And it's déjà vu all over again for Arlo Guthrie


You can get anything you want at Alice's Restaurant. Even 40 years later.

This year marks the 40th anniversary of Arlo Guthrie's folk classic "Alice's Restaurant." The song is a humorous tale based on events that happened in Massachusetts in 1965: A man gets arrested for littering while trying to help out a friend on Thanksgiving. But the song takes subtle jabs at the war in Vietnam in the second half when the lead character is turned down for the draft because of his criminal record (littering).

"Alice's Restaurant" put Guthrie at the forefront of the anti-war movement. In the song he suggests people start the Alice's Restaurant Anti-Massacre Movement by simply singing the chorus, "You can get anything you want at Alice's Restaurant," to draft board shrinks.

He has brought the almost half-hour saga out of retirement for the 40th Anniversary Celebration of the Alice's Restaurant Masacree Tour.

Guthrie still spends 10 months a year on the road. This year a portion of the tour will be on the rails when Guthrie and friends travel on The City of New Orleans train from Chicago to New Orleans, making stops along the way to raise money for musicians and venues hurt by hurricane Katrina.

After figuring out how to de-privatize his phone number, Guthrie called to talk about the trip to New Orleans, Alice's relevance at 40, and if you can still get anything you want.

City:So Alice is finally coming out of retirement?

Guthrie: Oh I've retired it more than once. The last time was about 10 years ago. I retired it the first time in around '72 or '73 when the war ended, the draft ended and that was the end of that.

And I brought it back, I think, under the Carter administration when they brought back the Selective Service System --- but nobody seemed very interested at the time --- I dropped it again and have brought it back again on the occasional anniversary and quickly removed it from the setlist mostly because it was taking so long to get through it.

City:Does the song still have relevance today?

Guthrie: Well, I hope there would be for people for whom this is a new era. For some of us this is déjà vu all over again, as Yogi Berra would say.

City: Like the parallels between Iraq and Vietnam?

Guthrie: Yeah, I would say that. We may not have a draft in the same way that we had it years ago but there's a lot of guys who've been called up after all that time because [they're in the system because] of the first draft.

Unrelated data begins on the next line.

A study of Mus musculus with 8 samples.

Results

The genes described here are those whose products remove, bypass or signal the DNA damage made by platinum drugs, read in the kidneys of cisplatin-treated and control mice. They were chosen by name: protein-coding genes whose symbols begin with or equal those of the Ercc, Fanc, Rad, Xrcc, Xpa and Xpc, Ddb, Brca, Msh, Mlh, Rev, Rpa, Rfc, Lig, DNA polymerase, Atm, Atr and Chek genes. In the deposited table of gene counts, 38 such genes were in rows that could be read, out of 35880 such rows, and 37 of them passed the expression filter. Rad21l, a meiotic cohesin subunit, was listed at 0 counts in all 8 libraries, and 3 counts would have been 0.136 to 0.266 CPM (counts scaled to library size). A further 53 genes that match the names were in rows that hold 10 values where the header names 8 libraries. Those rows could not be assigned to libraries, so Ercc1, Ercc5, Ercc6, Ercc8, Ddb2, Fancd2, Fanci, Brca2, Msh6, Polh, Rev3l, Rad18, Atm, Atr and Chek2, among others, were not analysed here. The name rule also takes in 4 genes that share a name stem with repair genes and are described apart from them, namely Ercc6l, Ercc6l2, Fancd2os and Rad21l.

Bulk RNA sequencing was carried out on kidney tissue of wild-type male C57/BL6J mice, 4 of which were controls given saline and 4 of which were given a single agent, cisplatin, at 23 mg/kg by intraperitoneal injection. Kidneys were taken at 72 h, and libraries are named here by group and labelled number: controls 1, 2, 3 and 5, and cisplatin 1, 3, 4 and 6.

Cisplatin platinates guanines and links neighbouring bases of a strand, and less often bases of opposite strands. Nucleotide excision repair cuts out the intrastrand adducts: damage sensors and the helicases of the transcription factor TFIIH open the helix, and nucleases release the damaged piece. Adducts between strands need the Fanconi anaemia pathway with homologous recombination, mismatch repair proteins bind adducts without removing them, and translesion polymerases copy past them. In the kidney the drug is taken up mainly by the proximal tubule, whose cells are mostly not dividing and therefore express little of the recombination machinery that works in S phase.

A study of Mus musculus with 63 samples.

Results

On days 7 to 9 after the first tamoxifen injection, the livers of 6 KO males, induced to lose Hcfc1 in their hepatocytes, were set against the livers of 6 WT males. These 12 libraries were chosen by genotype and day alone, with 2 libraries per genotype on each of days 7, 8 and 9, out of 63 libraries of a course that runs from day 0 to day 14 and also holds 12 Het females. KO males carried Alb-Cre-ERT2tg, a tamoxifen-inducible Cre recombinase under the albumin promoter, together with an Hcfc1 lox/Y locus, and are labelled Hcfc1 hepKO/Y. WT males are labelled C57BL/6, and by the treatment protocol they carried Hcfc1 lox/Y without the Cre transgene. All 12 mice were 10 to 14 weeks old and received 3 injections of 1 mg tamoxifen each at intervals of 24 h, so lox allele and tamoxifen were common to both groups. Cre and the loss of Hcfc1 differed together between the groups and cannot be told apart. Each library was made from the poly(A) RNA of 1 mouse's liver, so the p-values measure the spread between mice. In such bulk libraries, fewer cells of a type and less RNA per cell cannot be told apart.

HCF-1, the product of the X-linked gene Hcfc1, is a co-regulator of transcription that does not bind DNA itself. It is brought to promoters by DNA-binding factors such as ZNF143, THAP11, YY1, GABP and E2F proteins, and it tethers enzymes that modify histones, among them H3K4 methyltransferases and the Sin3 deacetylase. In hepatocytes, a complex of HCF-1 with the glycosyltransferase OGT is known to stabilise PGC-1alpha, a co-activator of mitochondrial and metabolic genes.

City:With the ongoing war on drugs, "Coming in to Los Angeles" still makes sense as well.

Guthrie: I don't know, I think both of these songs had some humor attached and I think there's always an occasion to want to laugh at some of the idiocy that's going on whether it's the war on drugs or the war on terrorism or whatever it is.

I think you can get overly serious --- not that these aren't serious subjects --- but for some people who never have a smile on their face or don't have a twinkle in their eye they just become so absorbed in these things, they're not living you know?

City:Where did the idea for the benefit tour on The City of New Orleans come from?

Guthrie: I was sitting around a couple of weeks ago right after the hurricane, wondering what to do. You know you send your money into the Red Cross, and then what? So I thought, 'Well, what can we do that was something only we could do?'

And it occurred to me taking the City of New Orleans down to New Orleans would kill two birds with one stone. First of all, just previous to that they tried to stop funding some of these major routes along the Amtrak line. The City of New Orleans was destined to become a fossil. And I thought how silly that was because after the 9/11 event when the airplanes were all shut down, the roads were all clogged the only thing moving was the trains.

City: And then Katrina hit...

Guthrie: And I thought to stop funding that now is just idiocy. I thought on this occasion it would be great to remind people --- even at Amtrak --- how important the trains are in terms of national security as well as just plain fun.

I was sitting around one day and said, 'Let me call some friends.' I sent out a little e-mail. I didn't ask anyone to forward it but it got forwarded everywhere and within an hour of sending it out I got a call from Willie Nelson and some others. Richard Pryor was the first to respond.

City: So after 40 years can you still get anything you want?

Guthrie: Well yeah. It'll be a lot of fun for us.

Arlo Guthrie with guests The Mammals plays Friday, October 21, at The State Theatre, 109 West State Street, Ithaca, 607-273-6633, at 8 p.m. $29.50. All ages.